I still remember my first steps with PromQL. Even after I learned more about the available functions and the Prometheus data model, the queries just would not flow as quickly as I liked. At Kausal, we believe making the writing of those queries easier will benefit the general adoption of Prometheus. That is why we decided to make our PromQL query editor open source.

Usage overview

The editor comes with tab-completion for metric names, label keys, label values, ranges, etc. It is now available as prom-editor at our public mono-repo: https://github.com/kausalco/public, wrapped inside an example React application. We previously wrote about Slate and Prism, the underlying editor libraries. This blog post will dive a little deeper into the mechanics of the editor and its integration into an application.

Editor Mechanics

The query field component wraps a Slate.js editor. That editor handles all the browser events that occur while typing and keeps a state object of the editor content. What should happen on typing input is determined by implementing API handlers or plugins. Currently, the query field uses both, eventually I would like it to be entirely plugin-based.

For event handling via plugins, consider the Runner plugin. Its sole purpose is to handle Return key presses. Based on which meta keys were pressed at the same time, it will enter a soft newline, or call the onPressEnter handler that was provided to the editor component itself. Plugins are evaluated in order: The first one to return a new state will stop the chain evaluation and cause the editor to apply the returned state.

The query field also implements handlers directly, via props to the editor component. An example is the onKeyDown handler, which is in charge of controlling the interaction with the tab-completion, e.g., arrow up and tab, as well as some helpers that automatically close parenthesis.

Typeahead Suggestions

How do we know what to suggest? We need a mechanism that tells us which part of a query we are currently typing, e.g., a function name, a metric name, a label value, etc. What comes in handy here is the Prism.js plugin, which does the syntax highlighting. We have structured the syntax rules not only to mark the tokens of a query, but also added some context markers. Consider this query, just after the = has been typed:


The Prism pattern 'context-labels': /\{[^}]*(?=})/ establishes that we are typing labels. After we hit =, the typeahead handler knows that a label value must follow. The handler now looks left for the label key based on the 'label-key' class that has been applied by Prism to the label key. It does the same for the first metric name it sees to its left. The metric name plus label key can now be used to look up the label values that the label key supports. Those values will then be listed in as suggestions in the typeahead overlay.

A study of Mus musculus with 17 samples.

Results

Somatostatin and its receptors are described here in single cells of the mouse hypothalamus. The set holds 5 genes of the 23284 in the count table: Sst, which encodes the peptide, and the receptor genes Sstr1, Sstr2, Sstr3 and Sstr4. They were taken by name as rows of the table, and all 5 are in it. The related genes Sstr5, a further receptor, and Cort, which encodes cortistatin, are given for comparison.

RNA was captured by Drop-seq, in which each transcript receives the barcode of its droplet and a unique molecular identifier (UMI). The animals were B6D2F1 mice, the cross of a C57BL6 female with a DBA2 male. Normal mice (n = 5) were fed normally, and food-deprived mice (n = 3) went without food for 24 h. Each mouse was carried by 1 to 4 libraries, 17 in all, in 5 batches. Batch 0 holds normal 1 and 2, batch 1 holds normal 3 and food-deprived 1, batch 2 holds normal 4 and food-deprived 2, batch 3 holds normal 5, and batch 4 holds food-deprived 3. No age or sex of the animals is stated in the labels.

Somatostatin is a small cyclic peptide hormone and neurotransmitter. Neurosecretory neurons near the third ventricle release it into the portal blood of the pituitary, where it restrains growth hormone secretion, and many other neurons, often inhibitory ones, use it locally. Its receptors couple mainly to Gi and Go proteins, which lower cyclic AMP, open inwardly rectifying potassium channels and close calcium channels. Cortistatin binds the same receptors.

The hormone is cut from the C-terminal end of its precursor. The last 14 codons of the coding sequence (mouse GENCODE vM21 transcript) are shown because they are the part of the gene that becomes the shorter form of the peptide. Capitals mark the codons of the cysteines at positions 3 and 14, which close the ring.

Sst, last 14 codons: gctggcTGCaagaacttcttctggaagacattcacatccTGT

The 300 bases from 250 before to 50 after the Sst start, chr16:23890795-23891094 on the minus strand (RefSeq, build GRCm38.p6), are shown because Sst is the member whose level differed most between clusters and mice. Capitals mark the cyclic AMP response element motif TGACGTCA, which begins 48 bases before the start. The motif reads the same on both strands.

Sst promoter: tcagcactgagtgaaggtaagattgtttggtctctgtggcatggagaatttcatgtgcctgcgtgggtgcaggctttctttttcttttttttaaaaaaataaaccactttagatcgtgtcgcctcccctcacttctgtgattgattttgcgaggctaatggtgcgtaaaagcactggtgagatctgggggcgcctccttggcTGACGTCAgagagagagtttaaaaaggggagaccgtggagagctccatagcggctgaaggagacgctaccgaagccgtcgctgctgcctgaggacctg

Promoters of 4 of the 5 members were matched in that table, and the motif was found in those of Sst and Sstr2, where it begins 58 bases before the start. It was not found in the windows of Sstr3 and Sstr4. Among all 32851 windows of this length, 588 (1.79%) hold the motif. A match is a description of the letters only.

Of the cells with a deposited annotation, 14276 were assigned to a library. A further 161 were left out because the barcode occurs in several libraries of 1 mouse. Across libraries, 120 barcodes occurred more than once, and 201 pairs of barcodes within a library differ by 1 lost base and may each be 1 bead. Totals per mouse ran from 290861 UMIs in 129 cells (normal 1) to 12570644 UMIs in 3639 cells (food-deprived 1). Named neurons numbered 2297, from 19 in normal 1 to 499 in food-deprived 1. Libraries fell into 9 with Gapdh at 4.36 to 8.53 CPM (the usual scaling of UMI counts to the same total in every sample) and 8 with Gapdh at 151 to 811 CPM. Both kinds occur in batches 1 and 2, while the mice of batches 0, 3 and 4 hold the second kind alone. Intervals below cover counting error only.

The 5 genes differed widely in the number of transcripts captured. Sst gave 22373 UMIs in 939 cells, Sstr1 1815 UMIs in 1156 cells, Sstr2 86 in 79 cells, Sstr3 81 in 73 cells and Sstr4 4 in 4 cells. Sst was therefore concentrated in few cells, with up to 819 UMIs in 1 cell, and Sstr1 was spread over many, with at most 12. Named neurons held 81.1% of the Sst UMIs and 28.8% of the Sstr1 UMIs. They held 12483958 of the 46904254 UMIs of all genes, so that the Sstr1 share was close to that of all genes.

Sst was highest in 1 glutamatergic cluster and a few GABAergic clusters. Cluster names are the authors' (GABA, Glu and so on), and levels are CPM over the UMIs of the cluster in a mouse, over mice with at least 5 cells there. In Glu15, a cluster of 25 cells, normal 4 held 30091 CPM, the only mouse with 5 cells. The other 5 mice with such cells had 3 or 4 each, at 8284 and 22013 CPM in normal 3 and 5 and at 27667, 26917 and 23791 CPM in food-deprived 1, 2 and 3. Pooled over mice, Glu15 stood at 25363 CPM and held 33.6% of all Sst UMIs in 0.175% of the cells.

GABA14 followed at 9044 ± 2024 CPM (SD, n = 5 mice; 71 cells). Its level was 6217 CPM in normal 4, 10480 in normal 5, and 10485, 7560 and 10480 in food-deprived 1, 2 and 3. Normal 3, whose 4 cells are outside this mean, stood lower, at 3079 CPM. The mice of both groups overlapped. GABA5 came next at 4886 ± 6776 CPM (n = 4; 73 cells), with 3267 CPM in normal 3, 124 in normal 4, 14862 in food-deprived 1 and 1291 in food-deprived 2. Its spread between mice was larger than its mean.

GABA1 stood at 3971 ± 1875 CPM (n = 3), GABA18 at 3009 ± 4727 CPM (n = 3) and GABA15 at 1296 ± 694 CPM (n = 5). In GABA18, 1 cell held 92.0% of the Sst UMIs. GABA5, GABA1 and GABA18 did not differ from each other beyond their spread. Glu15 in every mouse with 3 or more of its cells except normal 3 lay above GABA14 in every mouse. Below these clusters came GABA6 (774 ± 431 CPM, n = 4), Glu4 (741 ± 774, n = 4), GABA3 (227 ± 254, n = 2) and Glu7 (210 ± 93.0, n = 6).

The lookup of the label keys and values happens dynamically, as soon as the editor sees a {} it starts querying for the available labels. Naturally, there will be a slight delay in showing the suggestions based on how fast the Prometheus server responds.

Try It Yourself

We made the PromQL editor open source. Here is the link to our public repository for our Open Source projects. In that repo, the query field is in the prom-editor project. This project comes with an example React application that integrates the query field, shows the JSON results of a query, and prints a couple of query evaluation stats that have recently been added to the Prometheus API. By default, the example application points to your local Prometheus installation (running on http://localhost:9090/). If you need a different URL, just patch the api proxy in package.json. To try it out, clone the repo, install its dependencies, and start it. See the README for more details.

Upcoming Improvements

We are continuously improving the query editor. Here is a non-comprehensive list of things that still need work:

  • Add support from Prometheus function name completion with docs snippet.
  • The query analysis in not done with a proper lexer, so does not support all conceivable PromQL queries.
  • A new slate.js version is available, consider upgrading.
  • Wrapping issues with long queries.
  • It’s too easy to end up with doubly-quoted label values.

Give it a try, and contributions are welcome!

Kausal's mission is to enable software developers to better understand the behaviour of their code. We combine Prometheus monitoring, log aggregation and OpenTracing-compatible distributed tracing into a hosted observability service for developers.